My name is Kursten and I have a confession to make…
Once upon a time I was a very, very, very, busy corporate citizen. My day would start with a meeting, followed by a meeting, followed by a meeting. Followed by some fire fighting, followed by a meeting.
By 10AM I was exhausted… then I’d have another meeting, followed by another meeting, followed by some email back and forth, followed by a meeting. Followed by a meeting. Followed by a lunch meeting.
I am sure there would have been a little powerpoint action in there somewhere, probably followed by a meeting. I would watch emails bank up by the hundreds and if I was luckily maybe knock a few of them off on the old blackberry walking between meetings. Sometimes when I was really organized I would block out 30mins to prepare a powerpoint (ahead of a meeting), before finally rushing out the door at seven, satisfied with a job well done, meetings attended, powerpoints written and emails sent.
It sounds funny but it’s not far from the truth. You can spend weeks in a cycle uncannily similar to this – rushing everywhere, doing what feels like vital work, chasing you and your colleagues’ tails… all the while missing what is actually happening outside the building, with your frontline team and, more than anything, with your customer.
There are a couple of companies I know that have broken this cycle, and the change in culture has delivered some pretty impressive results.
The CEO of DTR (www.dtr.co.nz) is Mark Spring. Mark’s business revolves around a national retail channel of 23 stores. The stores are the beating heart of the business and are the real time, real life interface between Mark’s commercial targets and the consumers that deliver it to him.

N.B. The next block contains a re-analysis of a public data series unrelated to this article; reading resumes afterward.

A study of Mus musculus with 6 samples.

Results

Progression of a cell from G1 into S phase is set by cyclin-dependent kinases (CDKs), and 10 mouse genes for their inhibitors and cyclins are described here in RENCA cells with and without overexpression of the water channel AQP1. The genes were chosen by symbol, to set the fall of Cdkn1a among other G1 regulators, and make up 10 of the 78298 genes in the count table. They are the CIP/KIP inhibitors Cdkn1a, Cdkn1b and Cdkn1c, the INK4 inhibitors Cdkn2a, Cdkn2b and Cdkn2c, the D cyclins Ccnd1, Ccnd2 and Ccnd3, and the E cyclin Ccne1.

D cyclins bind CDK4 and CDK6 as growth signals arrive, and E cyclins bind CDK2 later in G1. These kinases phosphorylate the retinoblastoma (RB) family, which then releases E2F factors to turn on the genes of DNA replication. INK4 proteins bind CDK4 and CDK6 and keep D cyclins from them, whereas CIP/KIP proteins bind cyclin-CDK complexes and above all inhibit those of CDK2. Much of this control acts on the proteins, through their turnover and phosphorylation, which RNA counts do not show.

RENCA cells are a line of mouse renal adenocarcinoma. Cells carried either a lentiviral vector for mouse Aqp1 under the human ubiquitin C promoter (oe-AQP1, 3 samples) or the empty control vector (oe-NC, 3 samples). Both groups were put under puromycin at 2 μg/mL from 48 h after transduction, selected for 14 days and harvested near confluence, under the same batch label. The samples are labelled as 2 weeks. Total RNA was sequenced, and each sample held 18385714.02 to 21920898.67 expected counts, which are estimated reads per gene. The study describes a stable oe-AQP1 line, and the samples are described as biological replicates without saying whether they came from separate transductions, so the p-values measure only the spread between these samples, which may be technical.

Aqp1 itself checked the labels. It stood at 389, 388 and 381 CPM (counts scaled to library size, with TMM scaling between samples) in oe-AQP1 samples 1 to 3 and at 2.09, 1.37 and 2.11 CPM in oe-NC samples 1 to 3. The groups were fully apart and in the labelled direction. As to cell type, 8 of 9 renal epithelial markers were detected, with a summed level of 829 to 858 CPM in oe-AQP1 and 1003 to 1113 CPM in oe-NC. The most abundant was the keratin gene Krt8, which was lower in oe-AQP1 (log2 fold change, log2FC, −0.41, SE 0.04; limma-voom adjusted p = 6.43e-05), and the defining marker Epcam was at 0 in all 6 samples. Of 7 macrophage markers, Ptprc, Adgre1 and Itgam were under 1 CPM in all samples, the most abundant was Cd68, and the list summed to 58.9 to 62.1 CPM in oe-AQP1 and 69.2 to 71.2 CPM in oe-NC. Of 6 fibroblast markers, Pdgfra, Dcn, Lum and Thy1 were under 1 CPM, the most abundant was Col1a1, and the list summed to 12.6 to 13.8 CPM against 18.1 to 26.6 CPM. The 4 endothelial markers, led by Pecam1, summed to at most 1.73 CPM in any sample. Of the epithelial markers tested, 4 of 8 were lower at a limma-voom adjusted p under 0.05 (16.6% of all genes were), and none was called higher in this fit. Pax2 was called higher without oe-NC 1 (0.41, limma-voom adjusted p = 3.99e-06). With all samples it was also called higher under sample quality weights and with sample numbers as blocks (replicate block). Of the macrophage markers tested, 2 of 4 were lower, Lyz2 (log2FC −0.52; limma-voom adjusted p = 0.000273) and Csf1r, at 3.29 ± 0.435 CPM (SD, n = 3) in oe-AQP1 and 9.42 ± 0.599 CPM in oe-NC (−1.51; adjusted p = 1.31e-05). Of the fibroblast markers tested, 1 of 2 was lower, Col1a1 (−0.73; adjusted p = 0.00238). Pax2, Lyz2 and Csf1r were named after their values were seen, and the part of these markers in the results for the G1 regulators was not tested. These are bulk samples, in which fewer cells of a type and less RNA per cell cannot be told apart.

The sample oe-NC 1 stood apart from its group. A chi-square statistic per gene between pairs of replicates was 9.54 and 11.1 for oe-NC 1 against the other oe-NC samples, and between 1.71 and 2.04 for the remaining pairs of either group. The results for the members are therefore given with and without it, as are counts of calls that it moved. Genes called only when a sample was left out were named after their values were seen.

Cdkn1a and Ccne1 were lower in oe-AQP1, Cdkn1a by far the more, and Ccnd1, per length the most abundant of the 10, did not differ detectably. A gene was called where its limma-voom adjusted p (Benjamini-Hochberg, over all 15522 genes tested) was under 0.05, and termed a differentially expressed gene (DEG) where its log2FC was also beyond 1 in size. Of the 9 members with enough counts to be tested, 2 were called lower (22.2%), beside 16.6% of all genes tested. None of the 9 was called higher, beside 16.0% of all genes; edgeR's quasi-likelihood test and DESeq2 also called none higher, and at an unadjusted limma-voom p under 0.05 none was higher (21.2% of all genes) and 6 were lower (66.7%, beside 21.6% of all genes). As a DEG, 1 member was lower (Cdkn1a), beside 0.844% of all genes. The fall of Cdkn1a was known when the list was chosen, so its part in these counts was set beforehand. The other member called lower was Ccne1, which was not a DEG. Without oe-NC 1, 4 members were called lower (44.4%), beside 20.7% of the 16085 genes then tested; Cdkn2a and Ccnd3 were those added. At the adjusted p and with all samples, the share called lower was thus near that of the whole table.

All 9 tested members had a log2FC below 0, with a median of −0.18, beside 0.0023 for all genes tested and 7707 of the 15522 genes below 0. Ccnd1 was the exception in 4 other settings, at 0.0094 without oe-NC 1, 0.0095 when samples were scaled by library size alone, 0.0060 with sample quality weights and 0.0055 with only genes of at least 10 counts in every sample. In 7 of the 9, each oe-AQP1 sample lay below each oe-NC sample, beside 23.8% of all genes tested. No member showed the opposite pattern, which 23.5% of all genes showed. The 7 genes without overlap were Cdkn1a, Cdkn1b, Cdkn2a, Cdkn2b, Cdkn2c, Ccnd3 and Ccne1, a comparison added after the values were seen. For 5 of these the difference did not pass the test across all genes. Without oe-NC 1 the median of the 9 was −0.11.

It’s probably not surprising that Mark loves being in the channel. What is surprising though is the validation and energy that getting out of the head office pressure and into the field can deliver to someone who as CEO you might expect to be removed from the shop front.
He told me recently that when he is having one of “those days”, when he’s a step or two away from exploding as a bear with a bad head… he simply ups sticks and heads to the field. Unsurprisingly, the team at head office love it when this happens – but just as valuably, so does Mark…
“I never fail to get validation of our purpose from talking to a customer, and every time I’m in store I learn something. Good or bad, it’s still something new to work on.”
Those feel like wise words. Marks lives and breaths what his channel does and regardless of those bad head days, he makes it a point to regularly hit the front line alongside his staff. Here’s Mark again…
“There is simply no substitute for face to face contact. The transfer of emotional energy between layers and across layers in a business is crucial”
You might think that is that is fine for a business the size of DTR. It is worth noting that no less an entity than Amazon still insist senior management in all territories spend a couple of days in the busiest Christmas season packing in their warehouses – Amazon live or die on logistics, so this is the closest they have to Mark’s getting on the shop front. It’s Amazon’s way of making sure that all senior execs keep in touch with the living, beating heart of their business.
And it’s not just Amazon – the same principles that Mark employs at DTR are used by one of our own heavy hitters.
Air New Zealand have a process where the exec and General Managers spend one day “in the business” a month. This can be from baggage loading to being a crew member on a flight. I don’t see any coincidence between this process and Air New Zealand winning awards as one of the world’s best airlines, on top of an extremely high NPS and equally high staff engagement scores.
- Stop replying to emails, turn off PowerPoint, go on a sales call. If you have consumer facing outlets – get in the store!
- That report you want to read can wait but your customers and competition will not.
- Your customers and competition will tell you more about your business than a report ever will.
- Genuine customer insights come from genuine customers.